Alistair MacLean

Glasgow-born Alistair MacLean was the hugely successful author of adventure thrillers and spy books, many of which have been filmed. A native Gaelic speaker, MacLean was raised in Daviot in the Highlands before attending high school in Glasgow. In 1941 he joined the Royal Navy, becoming a torpedo operator in the Home, North Sea and Mediterranean theatres during WWII. He also served in the far east.

After the war, MacLean studied English at Glasgow University and became a school teacher after graduating in 1953. His first novel, HMS Ulysses, was published in 1955. A lone cruiser battles German U-boats, a mutinous crew and the harsh North Sea weather in a doomed attempt to protect a convoy – a novel which set the template for many of his later novels. His most famous novel is The Guns of Navarone, the 1961 film of the novel won several Golden Globe awards and an Oscar for Best Special Effects. Force 10 from Navarone, written in 1968, was a sequel to the film and not the book.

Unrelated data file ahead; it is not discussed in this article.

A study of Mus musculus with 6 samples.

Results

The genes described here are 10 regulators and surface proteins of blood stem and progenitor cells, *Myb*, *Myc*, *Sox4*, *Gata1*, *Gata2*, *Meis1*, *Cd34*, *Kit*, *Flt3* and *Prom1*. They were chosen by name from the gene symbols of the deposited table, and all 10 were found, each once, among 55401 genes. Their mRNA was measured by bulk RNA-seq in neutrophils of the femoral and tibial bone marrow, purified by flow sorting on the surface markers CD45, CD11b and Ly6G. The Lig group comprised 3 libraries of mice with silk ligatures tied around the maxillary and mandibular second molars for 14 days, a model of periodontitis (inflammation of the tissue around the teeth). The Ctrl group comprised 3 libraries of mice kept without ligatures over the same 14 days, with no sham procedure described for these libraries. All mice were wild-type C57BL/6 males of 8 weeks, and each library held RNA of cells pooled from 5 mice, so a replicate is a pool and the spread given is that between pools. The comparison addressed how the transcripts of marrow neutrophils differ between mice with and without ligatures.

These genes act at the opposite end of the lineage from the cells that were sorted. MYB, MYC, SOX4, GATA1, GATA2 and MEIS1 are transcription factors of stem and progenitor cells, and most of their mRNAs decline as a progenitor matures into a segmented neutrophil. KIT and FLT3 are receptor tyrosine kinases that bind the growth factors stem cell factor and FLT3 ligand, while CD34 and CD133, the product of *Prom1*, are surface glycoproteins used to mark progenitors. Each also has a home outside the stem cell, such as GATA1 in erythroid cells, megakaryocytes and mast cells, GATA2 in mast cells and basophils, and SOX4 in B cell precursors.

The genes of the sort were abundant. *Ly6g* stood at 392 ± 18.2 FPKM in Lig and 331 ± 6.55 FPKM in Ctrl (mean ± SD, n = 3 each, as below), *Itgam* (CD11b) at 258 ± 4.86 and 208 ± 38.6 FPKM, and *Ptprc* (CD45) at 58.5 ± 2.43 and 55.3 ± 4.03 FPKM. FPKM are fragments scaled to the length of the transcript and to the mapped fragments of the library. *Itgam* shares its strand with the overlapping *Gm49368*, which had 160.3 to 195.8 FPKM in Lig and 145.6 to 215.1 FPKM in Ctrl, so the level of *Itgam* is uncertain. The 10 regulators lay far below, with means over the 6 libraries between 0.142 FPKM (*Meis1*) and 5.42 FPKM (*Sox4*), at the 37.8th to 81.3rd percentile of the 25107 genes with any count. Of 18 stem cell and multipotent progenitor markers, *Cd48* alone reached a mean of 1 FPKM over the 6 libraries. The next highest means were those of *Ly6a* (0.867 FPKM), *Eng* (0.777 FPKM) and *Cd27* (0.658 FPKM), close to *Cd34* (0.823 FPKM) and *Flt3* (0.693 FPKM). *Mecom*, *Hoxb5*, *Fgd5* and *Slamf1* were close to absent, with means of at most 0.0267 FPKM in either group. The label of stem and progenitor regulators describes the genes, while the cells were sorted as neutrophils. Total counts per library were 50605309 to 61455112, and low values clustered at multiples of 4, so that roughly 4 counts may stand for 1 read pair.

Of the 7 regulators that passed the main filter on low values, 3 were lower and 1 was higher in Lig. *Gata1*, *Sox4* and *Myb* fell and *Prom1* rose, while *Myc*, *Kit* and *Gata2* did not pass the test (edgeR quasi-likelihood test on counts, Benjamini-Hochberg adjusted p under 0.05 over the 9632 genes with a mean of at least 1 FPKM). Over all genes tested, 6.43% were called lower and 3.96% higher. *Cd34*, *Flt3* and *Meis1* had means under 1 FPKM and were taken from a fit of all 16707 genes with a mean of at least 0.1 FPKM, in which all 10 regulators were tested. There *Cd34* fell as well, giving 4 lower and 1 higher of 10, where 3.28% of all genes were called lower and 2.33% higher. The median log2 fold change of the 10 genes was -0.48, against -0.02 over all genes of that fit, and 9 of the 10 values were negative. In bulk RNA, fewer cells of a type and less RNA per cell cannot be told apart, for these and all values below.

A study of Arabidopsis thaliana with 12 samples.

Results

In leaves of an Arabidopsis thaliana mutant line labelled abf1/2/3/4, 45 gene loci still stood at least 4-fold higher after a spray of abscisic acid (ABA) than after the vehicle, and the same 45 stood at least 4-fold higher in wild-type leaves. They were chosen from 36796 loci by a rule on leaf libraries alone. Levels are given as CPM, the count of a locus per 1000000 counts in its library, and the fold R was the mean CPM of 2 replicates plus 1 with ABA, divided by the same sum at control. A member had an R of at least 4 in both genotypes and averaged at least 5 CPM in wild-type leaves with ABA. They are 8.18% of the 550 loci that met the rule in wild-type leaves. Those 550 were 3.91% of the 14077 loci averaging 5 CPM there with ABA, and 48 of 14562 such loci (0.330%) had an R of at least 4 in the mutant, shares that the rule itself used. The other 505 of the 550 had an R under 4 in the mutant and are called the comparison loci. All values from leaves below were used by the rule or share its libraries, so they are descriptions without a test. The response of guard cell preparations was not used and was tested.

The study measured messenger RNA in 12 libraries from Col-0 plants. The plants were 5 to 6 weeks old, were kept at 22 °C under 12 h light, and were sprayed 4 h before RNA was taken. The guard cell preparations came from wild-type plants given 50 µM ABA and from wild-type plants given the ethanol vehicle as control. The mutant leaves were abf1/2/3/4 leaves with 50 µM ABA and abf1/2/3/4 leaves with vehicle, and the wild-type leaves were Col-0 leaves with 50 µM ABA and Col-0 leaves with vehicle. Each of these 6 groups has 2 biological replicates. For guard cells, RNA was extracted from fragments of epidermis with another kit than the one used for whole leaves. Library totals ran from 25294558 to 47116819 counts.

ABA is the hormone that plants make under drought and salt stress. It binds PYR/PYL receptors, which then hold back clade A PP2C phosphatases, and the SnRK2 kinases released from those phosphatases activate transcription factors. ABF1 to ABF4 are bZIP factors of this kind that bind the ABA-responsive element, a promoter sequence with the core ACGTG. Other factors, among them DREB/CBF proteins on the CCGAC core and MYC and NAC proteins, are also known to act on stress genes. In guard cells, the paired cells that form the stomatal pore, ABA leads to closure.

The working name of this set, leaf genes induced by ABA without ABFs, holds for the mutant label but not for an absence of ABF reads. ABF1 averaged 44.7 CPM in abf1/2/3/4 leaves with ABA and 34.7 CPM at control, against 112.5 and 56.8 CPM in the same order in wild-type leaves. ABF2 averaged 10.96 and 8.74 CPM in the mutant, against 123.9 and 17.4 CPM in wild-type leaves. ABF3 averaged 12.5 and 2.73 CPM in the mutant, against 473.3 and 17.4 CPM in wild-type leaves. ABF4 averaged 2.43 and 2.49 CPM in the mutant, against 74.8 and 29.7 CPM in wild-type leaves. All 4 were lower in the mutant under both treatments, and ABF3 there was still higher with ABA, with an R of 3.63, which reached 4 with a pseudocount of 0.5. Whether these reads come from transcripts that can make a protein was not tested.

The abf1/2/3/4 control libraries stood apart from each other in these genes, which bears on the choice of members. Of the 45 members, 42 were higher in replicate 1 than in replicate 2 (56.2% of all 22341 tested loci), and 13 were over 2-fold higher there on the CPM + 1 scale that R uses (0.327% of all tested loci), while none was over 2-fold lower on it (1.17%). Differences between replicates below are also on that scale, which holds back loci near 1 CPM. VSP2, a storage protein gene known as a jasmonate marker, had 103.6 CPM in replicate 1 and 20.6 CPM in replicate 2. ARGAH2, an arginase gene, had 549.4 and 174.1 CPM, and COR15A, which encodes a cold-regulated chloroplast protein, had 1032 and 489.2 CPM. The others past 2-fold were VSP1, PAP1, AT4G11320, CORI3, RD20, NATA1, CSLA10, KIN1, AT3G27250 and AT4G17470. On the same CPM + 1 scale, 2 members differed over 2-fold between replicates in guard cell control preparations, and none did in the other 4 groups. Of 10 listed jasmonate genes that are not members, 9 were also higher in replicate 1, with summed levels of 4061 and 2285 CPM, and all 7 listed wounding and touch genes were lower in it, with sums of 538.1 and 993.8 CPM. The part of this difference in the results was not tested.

MacLean also wrote two novels under the pseudonym Ian Stuart, The Dark Crusader and The Satan Bug. When Eight Bells Toll was the only novel set in Scotland.

Alistair MacLean never considered himself a novelist, and appeared not to enjoy writing. He once told the New York Post “I’m not a novelist, I’m a storyteller. There’s no art in what I do, no mystique”. He has also said “I’m not a born writer, and I don’t enjoy writing. I wrote each book in thirty-five days flat – just to get the darned thing finished.” Despite his reticence, he sold 30 million novels.

HarperCollins are republishing many of his novels in collected form.